A book about writing a book with an undeniable plot. How very meta. The premise of the book is intriguing, and the idea of “stealing” a story from another person who is unable to complete it is ethically murky and understandably tempting. We get to hear the story of Jake coming across this amazing plot, taking it as his own when the owner dies an untimely death and potentially getting found out. We also get to read excerpts from the book he writes, being able to judge for ourselves whether it deserves the approbation it receives. The pacing of the book was clever, as we discover the plot of the book at the same time we learn about the potential person behind the threatening messages. I also enjoyed reading about Athens, GA and UGA, as that is where I spent 10 years of my childhood. The ending was a little predictable but still packed a punch.
Clemence, a young actress, with a single workaholic mother, sees how unhappy her mentally deteriorating grandmother is in her nursing home. She kidnaps her and decides to take her back to her parent’s home, which she hopes is the key to restoring her mental faculties. Along the way, they encounter many obstacles, and Clemence reminisces about her childhood and her close relationship with her grandparents. This graphic novel is poignant and touches on many difficult topics, such as caring for the elderly, finding your purpose and identity in life, and the sacredness of family relationships.
This is a story about a small town, allegiances, loyalties and betrayals, family versus team, and the lengths people will go to protect themselves and the people they love. This book is gritty and intense, bracingly raw but also profound. Backman is extremely skilled at portraying the young adult experience. The set up took longer than I expected, but the heart of the story is intense and exposes the prevalent problem of victim blaming and shaming.
Anna has had a complicated past. She lost her mother at a young age, went through the foster system, and has many obstacles in her young life. When she suffers a personal loss, she is drawn back to her hometown, where she gets involved with local cases of missing girls. The book has a lot of great plot points, but the book was mostly technical and seemed to lack heart. The book drags in the middle, when the investigation does not seem to be finding any promising leads. And it seemed like every single character had so much trauma and baggage to get through that it was difficult for me as a reader to understand and empathize.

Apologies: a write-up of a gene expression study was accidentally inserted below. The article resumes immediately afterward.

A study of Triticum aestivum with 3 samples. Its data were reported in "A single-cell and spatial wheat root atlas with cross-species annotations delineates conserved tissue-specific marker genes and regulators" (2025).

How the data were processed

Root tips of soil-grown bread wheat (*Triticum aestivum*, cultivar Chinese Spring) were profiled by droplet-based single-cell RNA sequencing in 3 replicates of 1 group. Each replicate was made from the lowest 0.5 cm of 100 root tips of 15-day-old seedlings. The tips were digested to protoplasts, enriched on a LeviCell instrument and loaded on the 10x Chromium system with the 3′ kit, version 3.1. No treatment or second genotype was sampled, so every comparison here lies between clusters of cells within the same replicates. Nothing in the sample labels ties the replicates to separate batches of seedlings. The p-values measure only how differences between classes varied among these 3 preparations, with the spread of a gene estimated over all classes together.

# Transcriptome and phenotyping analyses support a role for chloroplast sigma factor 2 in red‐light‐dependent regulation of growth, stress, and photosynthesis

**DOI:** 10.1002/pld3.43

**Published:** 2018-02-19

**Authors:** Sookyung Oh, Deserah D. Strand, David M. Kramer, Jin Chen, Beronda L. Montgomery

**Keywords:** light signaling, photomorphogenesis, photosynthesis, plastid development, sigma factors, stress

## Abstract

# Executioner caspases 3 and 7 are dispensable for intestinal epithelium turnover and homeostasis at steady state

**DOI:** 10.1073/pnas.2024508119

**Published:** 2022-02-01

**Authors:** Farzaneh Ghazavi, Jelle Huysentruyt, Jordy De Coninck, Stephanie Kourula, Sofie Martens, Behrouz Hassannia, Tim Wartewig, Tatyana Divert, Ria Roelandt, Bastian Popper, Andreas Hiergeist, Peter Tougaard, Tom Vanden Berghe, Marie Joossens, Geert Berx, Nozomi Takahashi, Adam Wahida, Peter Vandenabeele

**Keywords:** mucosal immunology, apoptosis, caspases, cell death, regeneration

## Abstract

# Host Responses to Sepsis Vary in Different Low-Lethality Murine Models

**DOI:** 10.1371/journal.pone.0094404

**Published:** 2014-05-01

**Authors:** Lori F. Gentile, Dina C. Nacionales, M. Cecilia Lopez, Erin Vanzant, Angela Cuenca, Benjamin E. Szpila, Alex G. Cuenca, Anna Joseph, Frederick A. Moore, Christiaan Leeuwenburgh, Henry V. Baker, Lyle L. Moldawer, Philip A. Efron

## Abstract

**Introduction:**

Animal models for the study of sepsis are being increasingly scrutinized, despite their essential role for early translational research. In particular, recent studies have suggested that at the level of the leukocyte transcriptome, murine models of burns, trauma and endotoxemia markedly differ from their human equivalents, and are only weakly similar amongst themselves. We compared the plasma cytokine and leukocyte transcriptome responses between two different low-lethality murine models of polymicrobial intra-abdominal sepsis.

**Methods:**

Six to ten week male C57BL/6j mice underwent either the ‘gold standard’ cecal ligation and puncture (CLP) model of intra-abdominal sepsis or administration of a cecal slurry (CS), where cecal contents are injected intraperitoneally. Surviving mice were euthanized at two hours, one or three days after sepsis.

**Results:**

It is evident that Adichie is a storyteller. The effortless way in which her characters and stories come together is subtle but impactful and an impressive work of fiction. Ifemelu and Obinze are young and in love, and they have their whole lives ahead of them. They know they want to get out of Nigeria for bigger opportunities abroad, but there are many obstacles in the way. Life happens and the two are separated, but they never completely forget about their first love. This is a contemporary story of immigration, race relations in different parts of the world, and the many ways to love another.
This book really drew me in from the get-go. The beginning chapters contained just enough background information along with important plot points and propelled the story forward with tremendous momentum. I really enjoyed the short chapters and how they were uniquely named. The book takes us on a journey from Hannah’s perspective, slowly figuring out what Owen was hiding from her, while simultaneously flashing back to the history of their relationship. At first glance, this seems to be a story about Owen and his secrets, but it’s really about Hannah and Bailey – their tenuous relationship and how this experience binds them inextricably. There is no big twist but a slow unfurling of Owen’s past and the explanation for his actions. This book was extremely well-written, riveting, and emotionally rendering, in the best way.
Based on the title of this book, I came into the book expecting a parenting guide on how to enjoy the experience of parenthood in a more well-rounded way. However, this book is more of an exposition on the effect of parenthood, particularly on women, in the modern era. It addresses the impossible task of juggling work, childcare, and household duties, the strain on marriage, navigating adolescence, and much more. The author references numerous surveys, studies, and works of literature in order to compile the most pressing issues facing parents today, interspersed with personal interviews that she conducts. The book is dense with information but provided in a very accessible and interesting way. It has really put into perspective how parenting today compares with the past – how it’s both better and more challenging in many ways. This book was extremely enlightening and quite different from the other parenting books I have read.
This is the second book in which Lin-Liu embarks on an adventure and documents her journey to learn about something food-related. Her writing style is straightforward and easy to read. Food history is fascinating to me, particularly in China, and this book is chock full of it. I loved reading about the food culture in various parts of China, especially in the lesser-known Western regions. Central Asia is a part of the world that not many Westerners know about. Lin-Liu includes history lessons about the various regions she visits and their specific role on the Silk Road trading route. She commonly compares the food she encounters with ones she is familiar with and it can seem like she is disparaging these lesser-known cuisines. Nevertheless, she attempts to keep an open mind and objective stance when reporting on her experiences in her travels.